Bar Journal December 2016
Complete Bar Journal
Social media1 has reunited families2 and divided us politically and ideologically.3 It is how many of us learned of the horrific Paris attacks on Nov. 13, 2015, the outcome of the Brexit vote or that the treasured Kevin Durant was leaving the Oklahoma City Thunder. For Oklahomans, it confirms the shaking that awakened us at 2 a.m. was in fact an earthquake and gives us scoring updates when the Sooners or Cowboys are locked in a nail biter and we are too anxious to watch. It enables us to gauge whether we measure up to the high school bully and offers proof that our first love was not “the one.” It has made us more connected, more curious and more vulnerable. It was the mission of the “big three” social media outlets — LinkedIn, Facebook and Twitter4 — to build a more connected universe,5 and it is safe to say their mission has been accomplished.6
Imagine learning a new client has cancelled her appointment, citing something she “heard about your firm,” or that a corporate client has euphemistically decided to “go in a different direction,” and that your services are no longer needed. Concerned, you Google yourself and among the search results that pop up are reviews about you — negative reviews about the representation you provided. Even worse, the critiques don’t even have the correct facts. You want to respond, to defend yourself, to set the record straight — but can you ethically do so?
The American rule with regard to attorney fees is, unless specifically allowed, attorney fees are not recoverable. It is therefore necessary for the attorney who is seeking fees in a family law case to specifically identify the basis for the award of fees.1 There are 17 separate statutes which authorize the court to award attorney fees in particular circumstances. Failure to identify the specific basis for the award may result in the attorney fee request being denied by a trial court or an attorney fee award being reversed on appeal.2 This article will discuss each possible basis for a fee award, as well as other considerations that must be taken into account in working with attorney fees. Ethical issues related to fees in domestic relation cases are also addressed.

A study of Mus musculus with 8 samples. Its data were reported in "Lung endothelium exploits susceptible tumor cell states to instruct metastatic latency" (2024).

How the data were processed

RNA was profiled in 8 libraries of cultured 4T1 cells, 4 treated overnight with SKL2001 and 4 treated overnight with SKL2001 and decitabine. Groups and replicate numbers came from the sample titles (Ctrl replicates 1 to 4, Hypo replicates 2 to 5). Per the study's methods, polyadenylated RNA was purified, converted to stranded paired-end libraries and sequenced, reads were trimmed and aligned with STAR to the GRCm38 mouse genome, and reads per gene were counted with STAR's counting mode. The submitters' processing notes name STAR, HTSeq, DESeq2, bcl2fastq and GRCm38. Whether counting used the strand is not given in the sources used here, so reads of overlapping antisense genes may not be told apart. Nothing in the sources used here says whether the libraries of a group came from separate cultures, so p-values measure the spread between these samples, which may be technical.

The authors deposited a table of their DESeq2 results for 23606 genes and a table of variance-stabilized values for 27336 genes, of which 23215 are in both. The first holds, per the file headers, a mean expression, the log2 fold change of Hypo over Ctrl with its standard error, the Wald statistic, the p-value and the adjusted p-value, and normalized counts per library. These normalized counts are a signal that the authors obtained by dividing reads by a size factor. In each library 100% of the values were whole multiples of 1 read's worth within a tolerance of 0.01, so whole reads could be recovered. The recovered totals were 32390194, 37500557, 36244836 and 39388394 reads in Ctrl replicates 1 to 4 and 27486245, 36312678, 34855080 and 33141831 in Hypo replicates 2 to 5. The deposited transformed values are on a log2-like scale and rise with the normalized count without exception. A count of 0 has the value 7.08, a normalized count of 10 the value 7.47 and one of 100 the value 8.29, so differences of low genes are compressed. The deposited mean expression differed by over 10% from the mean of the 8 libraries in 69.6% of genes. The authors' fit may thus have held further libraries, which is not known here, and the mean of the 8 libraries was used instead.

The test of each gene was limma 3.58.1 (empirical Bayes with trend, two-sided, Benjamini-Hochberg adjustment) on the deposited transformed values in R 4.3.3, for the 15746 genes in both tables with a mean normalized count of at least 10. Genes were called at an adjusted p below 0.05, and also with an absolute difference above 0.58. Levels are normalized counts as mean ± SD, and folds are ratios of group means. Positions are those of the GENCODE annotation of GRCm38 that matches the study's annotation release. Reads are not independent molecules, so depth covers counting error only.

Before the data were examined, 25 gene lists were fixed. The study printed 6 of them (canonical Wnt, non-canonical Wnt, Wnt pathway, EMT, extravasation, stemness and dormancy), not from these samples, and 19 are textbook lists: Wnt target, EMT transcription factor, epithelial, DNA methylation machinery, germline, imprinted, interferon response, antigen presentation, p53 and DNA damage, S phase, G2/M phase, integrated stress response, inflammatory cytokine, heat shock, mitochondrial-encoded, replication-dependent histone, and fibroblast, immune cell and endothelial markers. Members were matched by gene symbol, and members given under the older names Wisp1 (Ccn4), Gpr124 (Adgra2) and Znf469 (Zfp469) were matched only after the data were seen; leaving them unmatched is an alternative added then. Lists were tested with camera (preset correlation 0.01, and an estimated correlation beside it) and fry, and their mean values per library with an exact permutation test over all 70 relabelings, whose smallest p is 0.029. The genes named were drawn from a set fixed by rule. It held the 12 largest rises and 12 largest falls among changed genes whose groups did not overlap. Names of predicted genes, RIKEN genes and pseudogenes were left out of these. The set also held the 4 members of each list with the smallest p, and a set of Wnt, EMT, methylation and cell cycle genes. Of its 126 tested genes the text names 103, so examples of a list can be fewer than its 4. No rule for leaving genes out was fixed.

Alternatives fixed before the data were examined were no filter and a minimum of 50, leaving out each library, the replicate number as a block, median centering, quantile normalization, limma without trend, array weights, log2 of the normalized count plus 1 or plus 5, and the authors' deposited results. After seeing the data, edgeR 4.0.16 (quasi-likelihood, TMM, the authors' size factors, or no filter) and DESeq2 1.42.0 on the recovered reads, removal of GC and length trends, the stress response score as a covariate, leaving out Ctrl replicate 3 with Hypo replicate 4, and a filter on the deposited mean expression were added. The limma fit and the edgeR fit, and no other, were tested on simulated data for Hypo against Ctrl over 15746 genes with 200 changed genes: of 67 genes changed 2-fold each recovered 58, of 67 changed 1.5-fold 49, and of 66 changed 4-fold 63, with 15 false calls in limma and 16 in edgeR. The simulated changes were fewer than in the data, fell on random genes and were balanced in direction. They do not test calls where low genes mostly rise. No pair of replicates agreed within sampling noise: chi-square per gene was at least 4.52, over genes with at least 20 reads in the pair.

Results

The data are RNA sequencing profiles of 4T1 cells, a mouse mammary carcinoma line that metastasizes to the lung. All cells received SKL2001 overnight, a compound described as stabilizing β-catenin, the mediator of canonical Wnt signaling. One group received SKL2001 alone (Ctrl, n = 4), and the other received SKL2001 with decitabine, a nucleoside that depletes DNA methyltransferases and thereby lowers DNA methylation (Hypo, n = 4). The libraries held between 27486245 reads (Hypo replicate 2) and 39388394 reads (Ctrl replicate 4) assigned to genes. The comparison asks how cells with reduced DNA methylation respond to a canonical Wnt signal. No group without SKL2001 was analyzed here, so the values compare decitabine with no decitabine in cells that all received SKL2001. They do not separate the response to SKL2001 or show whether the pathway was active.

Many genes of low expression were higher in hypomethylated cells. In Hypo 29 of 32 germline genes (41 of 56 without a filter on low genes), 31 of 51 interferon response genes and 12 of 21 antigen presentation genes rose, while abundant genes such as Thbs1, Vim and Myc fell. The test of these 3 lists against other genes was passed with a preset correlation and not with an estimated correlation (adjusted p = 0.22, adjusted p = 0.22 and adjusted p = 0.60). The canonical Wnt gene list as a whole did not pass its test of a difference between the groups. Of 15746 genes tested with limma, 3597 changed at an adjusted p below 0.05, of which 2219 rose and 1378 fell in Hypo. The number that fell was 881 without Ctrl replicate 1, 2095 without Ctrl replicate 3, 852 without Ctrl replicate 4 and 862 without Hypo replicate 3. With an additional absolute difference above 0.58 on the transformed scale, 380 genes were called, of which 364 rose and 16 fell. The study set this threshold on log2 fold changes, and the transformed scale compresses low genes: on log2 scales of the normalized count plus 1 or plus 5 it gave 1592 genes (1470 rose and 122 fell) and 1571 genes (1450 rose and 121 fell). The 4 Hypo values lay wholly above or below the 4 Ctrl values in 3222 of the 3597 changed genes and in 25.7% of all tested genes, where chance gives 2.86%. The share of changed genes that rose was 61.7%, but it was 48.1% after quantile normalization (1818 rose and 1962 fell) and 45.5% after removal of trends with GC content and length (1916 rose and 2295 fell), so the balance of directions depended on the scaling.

The Federal Trade Commission’s (FTC) ability to take enforcement action on consumer confidentiality breaches has been broadly outlined in many contexts, including for lawyers.1 Thus far, there isn’t a specific outline the FTC could use for such an enforcement action when a lawyer is the subject of that targeted effort. This article attempts to fill that void.
Evolution is inevitable in most things, including the practice of law. In the last few decades, the rise in the number of litigants proceeding pro se in court cases and the rise of online legal services, such as LegalZoom and Rocket Lawyer, have contributed to a shift in how legal services are provided in litigation.
Oklahoma lawyers have the benefit over attorneys practicing in other jurisdictions of having a professional liability insurer in their backyard. Older lawyers may recall the period of time in the late 1970s and early 1980s when it was virtually impossible to purchase malpractice coverage at an affordable cost. The market fluctuations and the decision by many insurers to exit the market left Oklahoma attorneys with little or no realistic choices.
As 2016 comes to a close and we look forward to the beginning of a new year, we can reflect on what we have learned over the last year and ponder what we need to know to better deal with what next year brings. This article covers three topics that are especially relevant.
As lawyers, one of our objectives is to represent our clients while complying with the compulsory Oklahoma Rules of Professional Conduct (ORPC)1 and with the Oklahoma Standards of Professionalism (standards).2 Familiarity with the ORPC and standards are essential; so is recognizing a “red flag,” and what to do when it suddenly emerges.
Committee and section membership sign-up seasonis in full swing, and there’s never been a better time to get involved. Just last month you heard from Executive Director John Morris Williams and President-Elect Linda S. Thomas about the importance of member involvement.